NSW businesses expected to take ‘reasonable’ measures to stop unvaccinated patrons in new public health advice

Businesses will be forced to take “reasonable” measures to stop unvaccinated people entering under new public health advice that will take effect from October 11.

Health Minister Brad Hazzard said COVID-19 would continue to circulate in the community once NSW reached the 70 per cent double dose vaccination target.

“We are closing-in on the 70 per cent double dose mark and when we achieve it there will be significant changes to our public health advice,” he said.

Health Minister Brad Hazzard. (Nine)

“The key difference will be how that advice is applied to people who are vaccinated and to those who are not.”

“Vaccination will provide greater freedoms as our society opens up and it reduces the risk of you spreading the virus to someone vulnerable, which could cost them their life.

Mr Hazzard said it was vital everyone followed the new public health advice that would be in place from 11 October.

Here’s a rundown on what the public health advice will involve.

For the general community

  • Everyone – vaccinated or not – will be urged to get tested if they have any symptoms of COVID-19 and to immediately self-isolate until a negative result is received
  • Anyone who tests positive for COVID-19 – vaccinated or not – will have to self-isolate for 14 days
  • Close contacts in the community will include household members of positive cases and close social contacts of positive cases, such as partners and friends, who the person with the virus spent time in close proximity with, even if fully vaccinated. Anyone may also be assessed as a being a close contact following a risk assessment, including at workplaces, high-risk settings, such as healthcare and aged care, and other specific settings such as schools and child care centres, or where an outbreak has been identified
  • Close contacts of a positive case who are vaccinated will have to get tested and self-isolate for seven days. On day six after exposure, the person will have to get tested again. If a negative result is received and they are well, they can end isolation after day seven. For the following seven days the person must work from home where practicable, not attend hospitality settings, and not attend a high-risk settings even if it is their place of work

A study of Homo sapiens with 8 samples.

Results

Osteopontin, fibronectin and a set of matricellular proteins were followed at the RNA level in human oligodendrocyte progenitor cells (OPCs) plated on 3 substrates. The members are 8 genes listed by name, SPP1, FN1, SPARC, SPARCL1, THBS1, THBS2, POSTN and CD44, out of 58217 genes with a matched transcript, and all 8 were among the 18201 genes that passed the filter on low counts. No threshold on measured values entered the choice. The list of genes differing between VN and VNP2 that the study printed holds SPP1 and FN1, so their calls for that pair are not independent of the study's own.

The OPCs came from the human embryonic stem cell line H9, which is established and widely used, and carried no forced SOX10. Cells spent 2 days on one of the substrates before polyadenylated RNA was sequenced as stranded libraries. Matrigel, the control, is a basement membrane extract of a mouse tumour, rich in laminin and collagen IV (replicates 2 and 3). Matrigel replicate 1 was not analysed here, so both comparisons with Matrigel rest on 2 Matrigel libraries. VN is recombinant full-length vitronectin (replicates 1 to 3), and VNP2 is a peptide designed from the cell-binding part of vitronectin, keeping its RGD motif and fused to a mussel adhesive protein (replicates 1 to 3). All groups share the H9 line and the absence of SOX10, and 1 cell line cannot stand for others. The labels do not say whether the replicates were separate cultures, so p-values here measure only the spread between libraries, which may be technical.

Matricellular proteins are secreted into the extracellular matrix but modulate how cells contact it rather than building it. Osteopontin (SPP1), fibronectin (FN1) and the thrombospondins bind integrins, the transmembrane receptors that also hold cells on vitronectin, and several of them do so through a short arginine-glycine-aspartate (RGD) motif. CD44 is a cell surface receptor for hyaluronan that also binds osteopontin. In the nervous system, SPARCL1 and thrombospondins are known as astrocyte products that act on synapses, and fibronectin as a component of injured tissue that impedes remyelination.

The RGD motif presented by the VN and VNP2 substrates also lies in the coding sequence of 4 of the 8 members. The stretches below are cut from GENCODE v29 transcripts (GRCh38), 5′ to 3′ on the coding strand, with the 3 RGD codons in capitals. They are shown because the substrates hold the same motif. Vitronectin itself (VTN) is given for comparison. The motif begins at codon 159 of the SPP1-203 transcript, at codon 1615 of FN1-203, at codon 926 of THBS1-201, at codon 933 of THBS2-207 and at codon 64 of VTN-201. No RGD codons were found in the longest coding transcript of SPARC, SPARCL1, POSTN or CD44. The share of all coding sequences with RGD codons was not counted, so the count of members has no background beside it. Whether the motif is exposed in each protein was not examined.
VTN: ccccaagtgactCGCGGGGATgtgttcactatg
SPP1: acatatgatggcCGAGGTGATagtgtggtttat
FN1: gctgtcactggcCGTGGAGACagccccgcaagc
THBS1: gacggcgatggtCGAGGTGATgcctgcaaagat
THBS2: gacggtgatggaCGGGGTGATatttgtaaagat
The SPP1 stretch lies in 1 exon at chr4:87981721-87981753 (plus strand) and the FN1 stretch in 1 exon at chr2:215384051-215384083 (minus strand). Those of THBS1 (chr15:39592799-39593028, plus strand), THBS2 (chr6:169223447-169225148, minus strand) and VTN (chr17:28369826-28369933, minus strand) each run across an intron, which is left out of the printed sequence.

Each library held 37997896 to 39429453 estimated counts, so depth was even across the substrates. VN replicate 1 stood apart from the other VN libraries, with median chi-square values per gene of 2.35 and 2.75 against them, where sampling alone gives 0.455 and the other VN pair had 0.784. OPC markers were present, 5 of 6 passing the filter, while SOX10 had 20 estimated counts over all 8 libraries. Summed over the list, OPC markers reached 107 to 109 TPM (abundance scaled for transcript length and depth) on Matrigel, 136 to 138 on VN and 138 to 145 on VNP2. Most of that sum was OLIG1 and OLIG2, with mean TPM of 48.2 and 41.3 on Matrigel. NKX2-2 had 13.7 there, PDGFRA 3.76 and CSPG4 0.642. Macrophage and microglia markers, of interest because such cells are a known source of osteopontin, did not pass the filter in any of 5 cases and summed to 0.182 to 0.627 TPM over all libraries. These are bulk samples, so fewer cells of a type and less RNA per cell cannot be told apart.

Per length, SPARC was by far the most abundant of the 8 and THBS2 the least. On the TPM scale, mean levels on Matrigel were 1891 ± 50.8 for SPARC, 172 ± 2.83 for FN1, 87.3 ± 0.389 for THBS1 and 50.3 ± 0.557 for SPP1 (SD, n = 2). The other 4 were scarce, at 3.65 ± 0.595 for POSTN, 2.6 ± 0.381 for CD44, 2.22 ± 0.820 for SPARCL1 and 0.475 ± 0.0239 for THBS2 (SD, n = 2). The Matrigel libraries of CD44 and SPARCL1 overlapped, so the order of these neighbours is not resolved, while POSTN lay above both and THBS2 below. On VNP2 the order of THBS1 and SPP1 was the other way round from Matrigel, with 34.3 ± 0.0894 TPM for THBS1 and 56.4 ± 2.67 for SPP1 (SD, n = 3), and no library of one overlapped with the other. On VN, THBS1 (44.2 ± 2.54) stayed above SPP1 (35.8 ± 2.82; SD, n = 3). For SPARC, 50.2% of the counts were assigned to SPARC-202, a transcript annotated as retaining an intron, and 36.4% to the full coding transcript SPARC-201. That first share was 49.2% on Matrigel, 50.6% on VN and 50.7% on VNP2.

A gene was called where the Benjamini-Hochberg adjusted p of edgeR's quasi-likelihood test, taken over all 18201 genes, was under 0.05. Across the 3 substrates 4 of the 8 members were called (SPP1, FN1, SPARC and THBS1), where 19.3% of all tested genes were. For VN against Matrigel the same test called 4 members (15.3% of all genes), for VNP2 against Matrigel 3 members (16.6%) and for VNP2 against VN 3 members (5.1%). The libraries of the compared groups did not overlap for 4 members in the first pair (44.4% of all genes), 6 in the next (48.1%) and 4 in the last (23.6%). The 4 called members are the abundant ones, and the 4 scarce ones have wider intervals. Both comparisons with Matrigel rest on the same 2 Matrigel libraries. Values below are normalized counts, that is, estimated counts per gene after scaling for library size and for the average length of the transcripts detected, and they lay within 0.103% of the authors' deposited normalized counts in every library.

Fully vaccinated people in NSW will enjoy a return to freedom when the vaccination target of 80 per cent is met in late October.
Fully vaccinated people in NSW will enjoy a return to freedom when the vaccination target of 80 per cent is met in late October. (Getty)
  • Close contacts of a positive case who are not vaccinated will have to get tested and immediately self-isolate for 14 days. On day 12, they should get tested again. If a negative result is received, they can end isolation after day 14
  • The Service NSW QR code check-in system will remain in place in the general community. This system will be used to notify people who were in the same venue as a positive case. People will be asked to monitor for symptoms and get tested if they become unwell
  • People aged 16 years and over will only be allowed entry into some venues or settings if fully vaccinated, along with people with exemptions. In some venues, children under 16 will have to be accompanied by a fully vaccinated member of their household to enter. This includes hospitality venues, non-critical retail stores, personal services, sporting, recreation and entertainment facilities and events. Critical retail such as supermarkets and pharmacies will still be accessible to those not fully vaccinated

  • If a staff member tests positive, whether they are vaccinated or not, they will have to self-isolate for 14 days and follow the advice from NSW Health. Businesses will refer to their COVID-19 Safety Plan and risk assessment approach for further instructions on notifying other staff
  • Businesses will have to inform NSW Health if three or more employees test positive for COVID-19 in a seven-day period
  • NSW Health guidelines will enable businesses to assess workplace risk if a COVID-19 case is identified and confirm actions to be taken
  • Businesses will be able to reduce the risk of closure or staff going into isolation by implementing rigorous COVID-19 Safety Plans. Other proactive steps businesses could include ensuring staff are vaccinated and implementing regular onsite testing programs for workers
A pop-up vaccination hub  at the Waterloo Public Housing Estate in Sydney.
A pop-up vaccination hub at the Waterloo Public Housing Estate in Sydney. (Dominic Lorrimer)

On vaccination compliance and obligations

  • Businesses will be responsible for taking reasonable measures to stop unvaccinated people entering premises. For example, having prominent signs stating requirements, Service NSW QR codes, staff checking vaccination status upon entry and only accepting valid forms of evidence of vaccination
  • Authorised officers will monitor businesses re-opening, particularly those with vaccination requirements, for example hospitality, retail, gyms, and personal services (e.g. hair, beauty)
  • Penalties may apply for individuals and businesses who don’t comply. On the spot fines of $1000 may apply to individuals for not complying, or for using fraudulent evidence of vaccination or check-in. On the spot fines of $5000 may apply to businesses for not complying with the Public Health Order vaccination requirements. Further penalties may apply for significant breaches.

NSW Chief Health Officer Dr Kerry Chant said the advice was likely to be updated as case numbers and evidence changed.